Wednesday, June 29, 2016

SDA show 6 -- machine stitching

After the interruption of telling you about the SAQA show at the Indianapolis Museum of Art, I'm resuming my longer reports on the SDA show at the Schweinfurth Memorial Art Center in Auburn NY, a show that I found much more interesting because of the wider variety of subjects and techniques.  Today I'll talk about machine stitching used as the main method of creating pattern and design.

Claire Jones, Whole Surface: Tranquil 1

Well, I'll admit it, maybe I'm biased toward this work because it's so similar to work that I have been experimenting with myself.  The artist has heavily machine stitched, to the point that the underlying canvas support is no longer visible.

She points out in her artist statement that she likes the distortion of the flat canvas and the fact that the stitching allows the form to be self-supporting, and I would make both these points in regard to my own stitched sculptures.  I like the biomorphic form in this piece and wonder what she has made in subsequent work in this series.

Shea Wilkinson, Data Set (detail below)

Here's another piece that gives me deja vu to my own work: an unfolded geometric solid that makes an interesting projection of a world map.  Although the different colors of the stitching represent different data variables, we're not told what they mean.  (Why do you suppose Europe has no warm colors whatsoever?  And poor UK doesn't even have any green or blue -- maybe it's because of Brexit.)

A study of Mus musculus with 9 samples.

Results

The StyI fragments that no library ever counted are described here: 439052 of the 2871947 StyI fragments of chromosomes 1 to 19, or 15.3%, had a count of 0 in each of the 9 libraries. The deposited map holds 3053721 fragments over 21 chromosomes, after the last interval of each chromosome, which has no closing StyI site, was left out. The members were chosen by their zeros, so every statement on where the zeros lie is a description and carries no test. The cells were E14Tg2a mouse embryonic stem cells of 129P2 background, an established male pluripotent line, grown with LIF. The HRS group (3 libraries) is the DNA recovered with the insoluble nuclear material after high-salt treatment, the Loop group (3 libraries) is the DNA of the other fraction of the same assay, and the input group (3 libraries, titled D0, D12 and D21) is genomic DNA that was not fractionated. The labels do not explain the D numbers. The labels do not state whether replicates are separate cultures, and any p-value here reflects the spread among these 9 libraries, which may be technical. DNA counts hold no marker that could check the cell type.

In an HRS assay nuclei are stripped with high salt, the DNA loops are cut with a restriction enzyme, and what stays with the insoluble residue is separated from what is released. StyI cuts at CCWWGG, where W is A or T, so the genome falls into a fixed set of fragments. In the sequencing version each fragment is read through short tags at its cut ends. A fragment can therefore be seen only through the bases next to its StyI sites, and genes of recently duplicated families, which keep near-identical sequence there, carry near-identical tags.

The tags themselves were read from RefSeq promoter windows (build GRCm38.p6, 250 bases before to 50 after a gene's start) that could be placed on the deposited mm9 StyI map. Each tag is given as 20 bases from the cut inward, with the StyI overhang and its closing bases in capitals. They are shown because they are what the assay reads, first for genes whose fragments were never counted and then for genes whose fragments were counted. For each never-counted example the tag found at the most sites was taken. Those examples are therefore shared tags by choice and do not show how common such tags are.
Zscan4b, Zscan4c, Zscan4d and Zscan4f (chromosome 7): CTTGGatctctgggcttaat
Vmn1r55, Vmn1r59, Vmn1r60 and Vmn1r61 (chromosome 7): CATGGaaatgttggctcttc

I like the way the work spreads out on the wall and yet retains a 3-D character; I like how Antarctica is perfectly centered in its own pentagon.

Bob Mosier, Inner City Block; a variation (detail below)

This large hanging is made entirely of machine stitching, and in a masterpiece of overachievement, it uses black, white and 11 values of gray thread to give subtle shading on the ziggurats.  The shading isn't totally realistic -- you don't see deep shadow on both sides of a cube -- so it gives a rounded effect, as if the stones have worn away under centuries of footsteps.  This took a LOT of stitching and a LOT of control.

Tomorrow I'll show you hand stitching.  The SDA show continues at the Schweinfurth through August 21.